Ford’s hi-po Ranger Raptor expected to rocket to top of dynamite dual-cab segment
13 Feb 2018
By TIM ROBSON in THAILAND
THE hotly contested 4x4 dual-cab ute segment will likely be topped by the just-revealed Ford Ranger Raptor, which is expected to land in Australian showrooms wearing a circa-$80,000 pricetag.
Adding to the Australian-developed Ranger, the Raptor not only heralds the arrival of a cutting-edge 2.0-litre twin-turbo diesel powertrain and uprated suspension, but its updated chassis also set it apart from its closest rivals.
Ford Asia Pacific vice-president of product development Trevor Worthington said the customer would ultimately decide the commercial success of the Ranger Raptor – though GoAuto understands that deposits have already been taken from keen buyers.
“We never talk about how many we think are going to sell,” Mr Worthington told journalists at the reveal event in Thailand.
“If they (customers) aren’t looking for a vehicle like this, but they want to buy something that's going fit their lifestyle needs, their work needs, this vehicle will fit the bill. Let's just see how many we sell.”
Two of the most expensive utes currently in the sector currently are both European the Volkswagen Amarok V6 Ultimate costs $68,490 before on-road costs, while the newest entrant into the burgeoning sector, the Mercedes-Benz X250d will cost $61,600. A six-cylinder version of the X Class is expected to push the asking price past the Ultimate when it arrives mid-year.
HSV’s two-model Colorado Sportscat range – which features enhanced suspension and braking mods made to the Holden Colorado, though not to the same level of the Raptor – is expected to cost around $65,000 and $72,000 respectively when the pair launches later this month.
The Ranger line-up is currently topped by the $59,590 3.2-litre five-cylinder turbo diesel Wildtrak, with Toyota offering its $54,440 2.8-litre four-cylinder turbo-diesel HiLux SR5 as a rival. Holden’s Colorado Z71 costs $54,990, while Nissan’s Navara ST-X wears a $51,990 sticker.
In the power race, the Amarok’s 3.0-litre V6 offers 165kW (180kW on overboost) and 500Nm (550Nm on overboost), pipping the Raptor’s 157kW and 500Nm from its 2.0-litre four-cylinder twin-turbo diesel. While several other utes offer 500Nm of torque, the HiLux lags behind the pack with just 130kW and 450Nm.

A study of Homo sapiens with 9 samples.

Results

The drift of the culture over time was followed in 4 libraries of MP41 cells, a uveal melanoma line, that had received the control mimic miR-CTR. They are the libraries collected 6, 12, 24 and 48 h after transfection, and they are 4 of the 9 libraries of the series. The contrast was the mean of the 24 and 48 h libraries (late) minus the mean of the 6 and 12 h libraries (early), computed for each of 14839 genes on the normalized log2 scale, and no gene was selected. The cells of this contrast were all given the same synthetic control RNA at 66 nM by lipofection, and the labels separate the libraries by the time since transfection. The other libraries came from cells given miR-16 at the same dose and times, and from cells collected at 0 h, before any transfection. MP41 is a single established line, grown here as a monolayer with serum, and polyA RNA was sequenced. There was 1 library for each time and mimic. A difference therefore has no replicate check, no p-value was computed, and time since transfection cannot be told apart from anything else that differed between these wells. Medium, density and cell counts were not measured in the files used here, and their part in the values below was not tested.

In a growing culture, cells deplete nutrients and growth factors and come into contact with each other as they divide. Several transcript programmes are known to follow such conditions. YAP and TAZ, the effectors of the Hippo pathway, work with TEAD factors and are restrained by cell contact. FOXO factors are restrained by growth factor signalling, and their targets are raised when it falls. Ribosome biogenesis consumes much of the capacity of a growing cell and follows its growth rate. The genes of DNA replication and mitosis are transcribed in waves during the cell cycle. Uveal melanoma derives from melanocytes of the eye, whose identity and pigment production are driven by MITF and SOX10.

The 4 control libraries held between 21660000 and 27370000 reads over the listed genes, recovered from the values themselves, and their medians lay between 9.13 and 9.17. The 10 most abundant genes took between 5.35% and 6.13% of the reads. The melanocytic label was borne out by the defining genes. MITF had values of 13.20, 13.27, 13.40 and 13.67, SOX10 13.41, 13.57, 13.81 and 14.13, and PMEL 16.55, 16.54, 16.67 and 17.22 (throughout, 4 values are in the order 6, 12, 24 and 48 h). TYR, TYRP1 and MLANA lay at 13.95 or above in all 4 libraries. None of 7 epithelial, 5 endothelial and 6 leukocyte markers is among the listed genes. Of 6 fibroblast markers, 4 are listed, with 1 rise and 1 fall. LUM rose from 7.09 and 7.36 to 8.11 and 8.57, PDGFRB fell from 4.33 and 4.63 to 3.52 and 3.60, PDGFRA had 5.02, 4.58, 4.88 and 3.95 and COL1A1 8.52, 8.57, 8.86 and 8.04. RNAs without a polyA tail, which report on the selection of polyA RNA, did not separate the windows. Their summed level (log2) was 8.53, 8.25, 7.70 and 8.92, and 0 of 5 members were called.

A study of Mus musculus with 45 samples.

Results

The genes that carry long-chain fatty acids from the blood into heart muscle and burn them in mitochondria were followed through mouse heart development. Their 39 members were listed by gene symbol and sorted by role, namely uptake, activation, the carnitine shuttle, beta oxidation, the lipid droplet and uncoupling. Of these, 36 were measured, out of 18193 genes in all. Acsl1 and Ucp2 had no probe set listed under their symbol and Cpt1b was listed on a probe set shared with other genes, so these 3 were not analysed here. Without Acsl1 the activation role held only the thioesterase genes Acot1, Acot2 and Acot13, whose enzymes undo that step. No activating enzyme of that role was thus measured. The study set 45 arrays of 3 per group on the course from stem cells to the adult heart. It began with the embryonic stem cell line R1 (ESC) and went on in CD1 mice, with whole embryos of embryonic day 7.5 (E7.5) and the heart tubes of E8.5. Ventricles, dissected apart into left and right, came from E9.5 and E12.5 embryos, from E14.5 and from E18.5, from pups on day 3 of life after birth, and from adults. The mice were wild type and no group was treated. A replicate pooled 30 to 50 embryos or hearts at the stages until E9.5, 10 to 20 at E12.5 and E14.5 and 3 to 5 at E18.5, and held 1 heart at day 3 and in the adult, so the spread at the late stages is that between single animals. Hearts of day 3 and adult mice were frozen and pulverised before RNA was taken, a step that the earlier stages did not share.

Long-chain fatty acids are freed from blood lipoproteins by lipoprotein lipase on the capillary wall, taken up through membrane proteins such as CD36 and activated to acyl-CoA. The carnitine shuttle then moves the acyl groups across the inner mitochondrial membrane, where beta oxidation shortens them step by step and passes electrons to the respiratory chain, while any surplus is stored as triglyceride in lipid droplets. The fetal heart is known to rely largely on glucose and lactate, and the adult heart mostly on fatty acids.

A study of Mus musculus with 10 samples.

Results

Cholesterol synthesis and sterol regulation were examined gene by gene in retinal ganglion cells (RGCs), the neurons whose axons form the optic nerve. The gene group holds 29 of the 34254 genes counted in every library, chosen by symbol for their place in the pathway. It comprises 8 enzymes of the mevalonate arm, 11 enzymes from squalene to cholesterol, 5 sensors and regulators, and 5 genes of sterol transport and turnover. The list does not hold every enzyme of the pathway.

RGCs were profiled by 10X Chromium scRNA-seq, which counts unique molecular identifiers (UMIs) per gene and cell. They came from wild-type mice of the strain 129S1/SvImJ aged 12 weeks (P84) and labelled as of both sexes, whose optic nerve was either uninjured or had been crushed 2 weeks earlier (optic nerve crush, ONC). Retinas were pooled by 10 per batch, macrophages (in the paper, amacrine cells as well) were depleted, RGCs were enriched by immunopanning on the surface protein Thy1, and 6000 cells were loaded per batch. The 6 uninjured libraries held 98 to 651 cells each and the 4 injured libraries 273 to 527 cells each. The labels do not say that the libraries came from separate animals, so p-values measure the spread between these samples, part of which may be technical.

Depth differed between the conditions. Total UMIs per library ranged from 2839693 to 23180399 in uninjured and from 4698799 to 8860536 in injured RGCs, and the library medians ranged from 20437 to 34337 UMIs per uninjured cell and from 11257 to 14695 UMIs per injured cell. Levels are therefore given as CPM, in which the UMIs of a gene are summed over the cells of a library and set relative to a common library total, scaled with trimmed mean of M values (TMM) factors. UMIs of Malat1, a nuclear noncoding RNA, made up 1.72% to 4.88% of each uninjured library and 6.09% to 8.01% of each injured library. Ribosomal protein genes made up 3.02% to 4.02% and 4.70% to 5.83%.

However, the Mercedes-Benz X-Class 3.0-litre turbo-diesel V6 will be the pinnacle of pick-up performance thanks to its 190kW/550Nm engine.
When it comes to factory modifications, the Ranger Raptor will reset the bar when it launches locally mid-year, thanks to its thoroughly reworked suspension layout.
The chassis has been reinforced at both ends to accept high-dollar Fox Racing Shox and longer fixed-rate springs, while front and rear tracks are wider, and the rear live axle has been fitted with a what-is-old-is-new-again Watt’s linkage to improve roll behaviour and add traction.
Rear disc brakes are a rarity in the sector, too, while the ten-speed transmission is positively space-aged.
The ute’s traction and stability control systems have been worked over, while the new 2.0-litre four-cylinder diesel features sequential turbocharging, belt-in-oil ancillary operation and an intake manifold that is integrated into the cylinder head.
In comparison, the HSV Sportscat has a new bodykit, new dampers and wheels, and an updated front braking system, while the rest of powertrain (save for calibration work) is stock, right down to the bend-die mild steel exhaust system.
Toyota recently announced a trio of tweaked HiLuxes – known as the Rogue, Rugged and Rugged X – but the changes are only cosmetic.